Of Political Parties, Clientelism, &Fostering Real Democracy


As such, it results in a travesty of democracy through deep-seated clientelistic linkages. People are not being trained to scrutinize candidates based on their platforms and programs apropos to the candidate’s character. We are tricked into eyeing contenders according to the force of their programs and their personality thus subverting the urgency of credentials and integrity.

Different parties have different target groups and in the case of the Philippines, candidates clamor for the vote of the poor, as they constitute the majority of the land. The challenge is, who can mirror more the profile of the poor or who is more seemingly compassionate to the poor though the candidate be educated and wealthy?

Clientilism is sly, and in the same manner, as mass media is utilized as a major machinery of politicians to draw more votes in their favor, it, too should be made use of as a means to dismantle old practices in choosing who to vote for. One practical way that comes to mind are simple infomercials that may include a checklist for people to consider, one which people from all educational backgrounds can grasp, which will undermine voting candidates who more or less offer promising agenda with little track record consistency. In light of institutional reforms, I firmly believe that there should be regulation of mass media networks and companies on candidate commercials aired, on television and on radio. Presently, media companies do not decline the release of such commercials, being the profit-making enterprise that they are. With government regulation, given that the government agencies designated to such a task is non-biased, the media can instead be used to advance voter education.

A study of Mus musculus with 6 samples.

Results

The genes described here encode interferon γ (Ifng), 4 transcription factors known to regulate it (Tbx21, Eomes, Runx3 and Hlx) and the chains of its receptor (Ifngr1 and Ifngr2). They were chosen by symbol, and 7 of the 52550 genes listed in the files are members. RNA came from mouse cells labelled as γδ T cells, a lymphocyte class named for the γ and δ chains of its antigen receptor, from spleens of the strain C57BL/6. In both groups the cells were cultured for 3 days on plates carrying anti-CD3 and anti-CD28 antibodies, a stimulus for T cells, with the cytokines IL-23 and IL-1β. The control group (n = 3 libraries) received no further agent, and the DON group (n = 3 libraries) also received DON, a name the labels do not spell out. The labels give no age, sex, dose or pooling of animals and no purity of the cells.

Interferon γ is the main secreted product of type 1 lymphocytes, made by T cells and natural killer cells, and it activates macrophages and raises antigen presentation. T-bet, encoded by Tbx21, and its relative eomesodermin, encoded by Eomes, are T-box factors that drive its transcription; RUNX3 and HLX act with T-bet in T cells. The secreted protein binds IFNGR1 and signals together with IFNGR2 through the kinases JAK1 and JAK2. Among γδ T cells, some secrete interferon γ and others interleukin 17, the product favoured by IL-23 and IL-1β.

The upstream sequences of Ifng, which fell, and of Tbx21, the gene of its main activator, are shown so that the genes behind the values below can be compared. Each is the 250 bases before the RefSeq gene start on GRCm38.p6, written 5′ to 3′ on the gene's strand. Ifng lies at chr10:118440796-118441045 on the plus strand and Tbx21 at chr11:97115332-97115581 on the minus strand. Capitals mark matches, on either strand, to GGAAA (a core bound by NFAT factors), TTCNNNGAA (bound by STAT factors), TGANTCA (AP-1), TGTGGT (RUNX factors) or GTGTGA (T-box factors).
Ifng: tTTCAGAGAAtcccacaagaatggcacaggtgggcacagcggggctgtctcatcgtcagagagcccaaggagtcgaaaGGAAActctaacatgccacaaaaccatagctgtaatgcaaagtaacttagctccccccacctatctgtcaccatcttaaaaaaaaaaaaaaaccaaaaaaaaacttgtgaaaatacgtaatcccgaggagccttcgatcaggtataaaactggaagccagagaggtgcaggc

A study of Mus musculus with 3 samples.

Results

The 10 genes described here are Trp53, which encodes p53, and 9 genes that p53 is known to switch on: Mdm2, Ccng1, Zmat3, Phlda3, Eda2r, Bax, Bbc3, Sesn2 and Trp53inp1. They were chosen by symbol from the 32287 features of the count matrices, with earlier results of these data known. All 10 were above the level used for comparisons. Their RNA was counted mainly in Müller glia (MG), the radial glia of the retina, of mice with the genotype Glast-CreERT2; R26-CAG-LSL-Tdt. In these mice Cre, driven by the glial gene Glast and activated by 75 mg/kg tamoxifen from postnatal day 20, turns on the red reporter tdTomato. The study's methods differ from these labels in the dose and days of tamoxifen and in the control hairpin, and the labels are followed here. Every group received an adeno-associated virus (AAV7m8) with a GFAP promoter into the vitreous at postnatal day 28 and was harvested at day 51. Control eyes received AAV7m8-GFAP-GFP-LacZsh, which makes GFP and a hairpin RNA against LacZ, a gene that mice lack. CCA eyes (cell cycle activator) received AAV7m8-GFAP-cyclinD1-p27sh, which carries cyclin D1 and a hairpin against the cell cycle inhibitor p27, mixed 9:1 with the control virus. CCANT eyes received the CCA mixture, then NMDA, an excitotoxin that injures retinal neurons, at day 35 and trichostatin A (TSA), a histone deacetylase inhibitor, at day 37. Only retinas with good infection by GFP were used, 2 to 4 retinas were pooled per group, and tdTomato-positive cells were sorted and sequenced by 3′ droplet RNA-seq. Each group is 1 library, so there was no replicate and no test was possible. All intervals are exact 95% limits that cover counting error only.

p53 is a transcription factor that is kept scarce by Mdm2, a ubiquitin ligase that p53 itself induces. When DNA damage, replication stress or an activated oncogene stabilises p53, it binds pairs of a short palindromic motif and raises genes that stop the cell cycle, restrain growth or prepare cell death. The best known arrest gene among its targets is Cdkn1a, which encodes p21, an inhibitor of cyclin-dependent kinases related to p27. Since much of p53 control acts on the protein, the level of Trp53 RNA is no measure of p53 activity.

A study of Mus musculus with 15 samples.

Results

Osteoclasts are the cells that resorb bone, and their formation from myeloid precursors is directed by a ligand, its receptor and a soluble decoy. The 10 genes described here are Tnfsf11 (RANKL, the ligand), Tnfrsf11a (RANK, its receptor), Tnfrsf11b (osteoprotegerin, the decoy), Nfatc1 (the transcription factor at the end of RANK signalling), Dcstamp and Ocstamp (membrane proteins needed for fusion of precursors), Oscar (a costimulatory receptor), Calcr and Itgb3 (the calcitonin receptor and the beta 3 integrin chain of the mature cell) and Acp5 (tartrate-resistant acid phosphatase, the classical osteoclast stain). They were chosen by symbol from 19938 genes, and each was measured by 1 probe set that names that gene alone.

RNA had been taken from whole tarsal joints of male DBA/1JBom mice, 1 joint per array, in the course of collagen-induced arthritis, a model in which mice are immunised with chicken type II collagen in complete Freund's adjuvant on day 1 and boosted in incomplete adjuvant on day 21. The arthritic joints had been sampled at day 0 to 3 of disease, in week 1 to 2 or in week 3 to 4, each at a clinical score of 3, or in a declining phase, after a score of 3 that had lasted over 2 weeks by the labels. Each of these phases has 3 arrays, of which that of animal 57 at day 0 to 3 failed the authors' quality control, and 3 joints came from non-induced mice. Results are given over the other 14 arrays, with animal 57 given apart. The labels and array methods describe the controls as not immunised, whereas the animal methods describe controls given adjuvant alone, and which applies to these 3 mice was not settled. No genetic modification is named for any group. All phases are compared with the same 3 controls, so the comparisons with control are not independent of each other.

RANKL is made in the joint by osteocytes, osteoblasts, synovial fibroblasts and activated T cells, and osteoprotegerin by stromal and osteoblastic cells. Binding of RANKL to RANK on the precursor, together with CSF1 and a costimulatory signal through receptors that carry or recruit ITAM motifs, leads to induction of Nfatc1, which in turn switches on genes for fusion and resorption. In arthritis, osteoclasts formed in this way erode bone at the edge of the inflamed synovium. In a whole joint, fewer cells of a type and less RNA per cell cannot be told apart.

The beginnings of the patron-client relationship

Patronist techniques are rife. This being the case, as not everyone can be drawn to read texts or literature on how our democracy is misplaced through such tactics, what would be the most viable tool/s to educate the voter? I have personally found that viewing the profile of candidates through the Internet published in non-profit sites that evaluate the candidate according to his or her political track records as useful. Such websites are those created by organizations that advocate better knowledge about candidates and are therefore much more reliable than the websites that were made by the candidates’ campaign team. Newspapers are also a great source for write-ups on running candidates during election season; the perspective is more or less unbiased. Rather than relying on TV ads, which have become the convention that is banked upon by contenders and the most accessible means to the public, as voters, it is imperative to seek out other means by which we  would be educated of an election candidate’s profile that is closest to reality  to guard from becoming easy prey to political campaign tactics ubiquitous during election season.